It was his babysitter’s idea for Jordan to start making science videos. He’d always had an interest in science, and she felt that this could be an outlet for him to communicate to a larger audience. Larger indeed! Jordan’s channel, Doctor Mad Science, has received over 2.4 million views to date – and he’s become a local celebrity for his scientific knowhow.

The videos are excellent. You don’t always need the greatest camera or the most sophisticated setup to communicate your message in an effective way. Jordan always introduces the experiment to be performed in each episode, and he takes the viewer through each of the simple household objects used to do it. The experiments are fun, repeatable, and really spark an interest among viewers both young and old. I cannot wait to try some of these fun activities with my kids.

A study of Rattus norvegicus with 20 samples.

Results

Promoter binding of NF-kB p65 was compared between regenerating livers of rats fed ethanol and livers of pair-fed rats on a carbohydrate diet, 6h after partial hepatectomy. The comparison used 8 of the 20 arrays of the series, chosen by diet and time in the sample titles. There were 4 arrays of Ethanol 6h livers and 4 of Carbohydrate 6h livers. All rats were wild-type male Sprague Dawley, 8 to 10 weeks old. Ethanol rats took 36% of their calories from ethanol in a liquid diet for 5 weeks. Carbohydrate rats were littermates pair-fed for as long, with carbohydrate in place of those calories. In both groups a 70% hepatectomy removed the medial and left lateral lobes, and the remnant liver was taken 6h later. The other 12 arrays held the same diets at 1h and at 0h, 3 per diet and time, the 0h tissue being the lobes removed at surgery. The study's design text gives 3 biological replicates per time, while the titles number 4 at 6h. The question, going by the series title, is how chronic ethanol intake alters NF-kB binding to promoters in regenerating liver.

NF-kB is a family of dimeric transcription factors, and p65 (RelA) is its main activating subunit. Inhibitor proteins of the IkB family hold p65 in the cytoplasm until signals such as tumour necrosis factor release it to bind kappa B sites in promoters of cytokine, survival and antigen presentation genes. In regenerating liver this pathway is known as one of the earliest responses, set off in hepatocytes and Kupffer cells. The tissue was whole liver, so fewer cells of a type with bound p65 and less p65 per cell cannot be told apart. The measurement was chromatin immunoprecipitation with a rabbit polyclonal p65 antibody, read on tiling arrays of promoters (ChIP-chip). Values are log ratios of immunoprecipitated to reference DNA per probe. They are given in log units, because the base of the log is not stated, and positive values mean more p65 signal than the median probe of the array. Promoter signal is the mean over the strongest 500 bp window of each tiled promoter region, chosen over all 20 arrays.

According to Jordan’s mom and his babysitter Tracy Laparulo, his speech and social skills have blossomed since starting the YouTube channel. Students are interested in learning from him and the love his ability to break an experiment down in an easy-to-understand sort of way. My heart is warmed that Jordan has found his outlet, and perhaps parents and caregivers of other autistic children might be inspired to try some of his experiments, or to start channels of their own.

Carin Bondar About the Author: Carin Bondar is a biologist, writer and film-maker with a PhD in population ecology from the University of British Columbia. Find Dr. Bondar online at www.carinbondar.com, on twitter @drbondar or on her facebook page: Dr. Carin Bondar – Biologist With a Twist. Follow on Twitter @drbondar.

The views expressed are those of the author and are not necessarily those of Scientific American.